Welcome to The CITE -- a blog on Course materials, Innovation, and Technology in Education, created by Mark Nelson and now part of the Publications Department of the National Association of College Stores. CITE is a pun with multiple meanings - referring to cite as in citation, something people reference; site as in location, website, or place people go to; and sight as in foresight or looking ahead to what is coming. Comments, discussion, feedback and ideas are welcome.

Wednesday, October 7, 2015

Study Finds Students Need to Read

Students may not like this, but some digital textbooks can tell instructors just how much of the course reading they are actually doing. The digital text can even determine if a student fell asleep with the book open.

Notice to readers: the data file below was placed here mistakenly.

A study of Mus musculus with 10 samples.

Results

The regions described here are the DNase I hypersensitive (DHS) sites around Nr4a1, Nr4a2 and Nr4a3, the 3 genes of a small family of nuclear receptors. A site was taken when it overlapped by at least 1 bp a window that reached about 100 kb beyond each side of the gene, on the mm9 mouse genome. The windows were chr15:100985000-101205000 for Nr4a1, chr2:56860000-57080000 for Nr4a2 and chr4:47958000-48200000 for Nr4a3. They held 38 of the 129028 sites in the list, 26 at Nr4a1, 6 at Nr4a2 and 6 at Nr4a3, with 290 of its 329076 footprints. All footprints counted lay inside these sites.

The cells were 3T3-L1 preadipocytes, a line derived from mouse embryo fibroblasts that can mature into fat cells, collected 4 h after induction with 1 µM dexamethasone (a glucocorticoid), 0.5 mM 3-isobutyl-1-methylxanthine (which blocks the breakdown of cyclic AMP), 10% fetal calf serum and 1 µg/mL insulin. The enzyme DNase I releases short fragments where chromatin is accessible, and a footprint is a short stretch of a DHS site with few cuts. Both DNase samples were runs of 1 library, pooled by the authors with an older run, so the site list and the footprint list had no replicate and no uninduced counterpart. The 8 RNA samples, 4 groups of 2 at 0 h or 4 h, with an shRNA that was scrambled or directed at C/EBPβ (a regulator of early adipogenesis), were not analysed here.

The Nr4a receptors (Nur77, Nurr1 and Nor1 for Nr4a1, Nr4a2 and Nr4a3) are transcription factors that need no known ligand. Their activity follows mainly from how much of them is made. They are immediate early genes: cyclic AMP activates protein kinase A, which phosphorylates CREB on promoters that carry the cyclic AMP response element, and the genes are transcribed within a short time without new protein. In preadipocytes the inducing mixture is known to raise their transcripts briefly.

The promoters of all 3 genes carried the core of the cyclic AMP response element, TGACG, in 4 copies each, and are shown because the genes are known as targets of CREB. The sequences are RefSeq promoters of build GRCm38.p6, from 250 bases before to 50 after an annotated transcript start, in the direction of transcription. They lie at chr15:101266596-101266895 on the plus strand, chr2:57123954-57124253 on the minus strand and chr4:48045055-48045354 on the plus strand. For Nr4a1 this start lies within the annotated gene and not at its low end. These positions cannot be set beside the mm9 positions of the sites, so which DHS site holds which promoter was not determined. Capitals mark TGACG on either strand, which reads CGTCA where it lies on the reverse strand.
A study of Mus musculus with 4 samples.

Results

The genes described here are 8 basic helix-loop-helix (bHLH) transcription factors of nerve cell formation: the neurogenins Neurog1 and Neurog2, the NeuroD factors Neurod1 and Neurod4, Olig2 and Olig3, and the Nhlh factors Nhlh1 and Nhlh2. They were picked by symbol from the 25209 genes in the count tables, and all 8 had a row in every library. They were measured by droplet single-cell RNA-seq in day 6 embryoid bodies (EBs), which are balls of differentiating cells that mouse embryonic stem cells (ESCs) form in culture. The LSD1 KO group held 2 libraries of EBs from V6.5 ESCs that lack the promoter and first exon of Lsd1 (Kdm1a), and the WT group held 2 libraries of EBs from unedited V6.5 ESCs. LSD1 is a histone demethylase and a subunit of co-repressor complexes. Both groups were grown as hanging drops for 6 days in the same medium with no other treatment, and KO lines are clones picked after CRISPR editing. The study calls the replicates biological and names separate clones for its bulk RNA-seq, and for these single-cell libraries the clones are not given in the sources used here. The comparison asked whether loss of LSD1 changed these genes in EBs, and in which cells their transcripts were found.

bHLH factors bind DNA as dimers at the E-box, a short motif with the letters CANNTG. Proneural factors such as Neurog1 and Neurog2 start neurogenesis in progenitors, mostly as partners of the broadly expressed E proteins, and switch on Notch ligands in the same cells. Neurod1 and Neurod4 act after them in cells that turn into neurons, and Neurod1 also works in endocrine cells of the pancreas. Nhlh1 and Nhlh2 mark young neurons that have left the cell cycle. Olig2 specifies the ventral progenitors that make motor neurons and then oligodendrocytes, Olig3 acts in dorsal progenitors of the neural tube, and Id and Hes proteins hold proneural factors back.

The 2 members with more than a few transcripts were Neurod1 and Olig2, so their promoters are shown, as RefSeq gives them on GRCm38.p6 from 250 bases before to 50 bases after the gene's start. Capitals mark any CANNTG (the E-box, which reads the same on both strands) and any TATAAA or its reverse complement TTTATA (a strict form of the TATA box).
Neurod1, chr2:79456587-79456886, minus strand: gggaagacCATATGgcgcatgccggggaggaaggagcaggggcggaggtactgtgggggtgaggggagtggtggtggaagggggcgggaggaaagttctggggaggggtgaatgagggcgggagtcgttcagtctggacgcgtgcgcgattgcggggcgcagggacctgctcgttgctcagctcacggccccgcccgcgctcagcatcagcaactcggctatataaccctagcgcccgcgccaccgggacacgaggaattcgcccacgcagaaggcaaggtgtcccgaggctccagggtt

Not surprisingly, a new study found students who spent more time actually reading their textbooks—not just speed-skimming—got better grades. The survey of 269 undergraduates at Texas A&M University-San Antonio using digital content reported that the number of minutes spent reading was an important factor in getting better grades, but that students averaged less than three hours of reading per class.

“It’s not that students were overworked or required to read a crazy amount,” Reynol Junco, the Iowa State University professor who conducted the research, said in a report for Bloomberg Business. “The reading was pretty fair for college students.”

The good news, according to Junco, is that checking study habits can also help faculty identify students who are in trouble before they get a bad grade.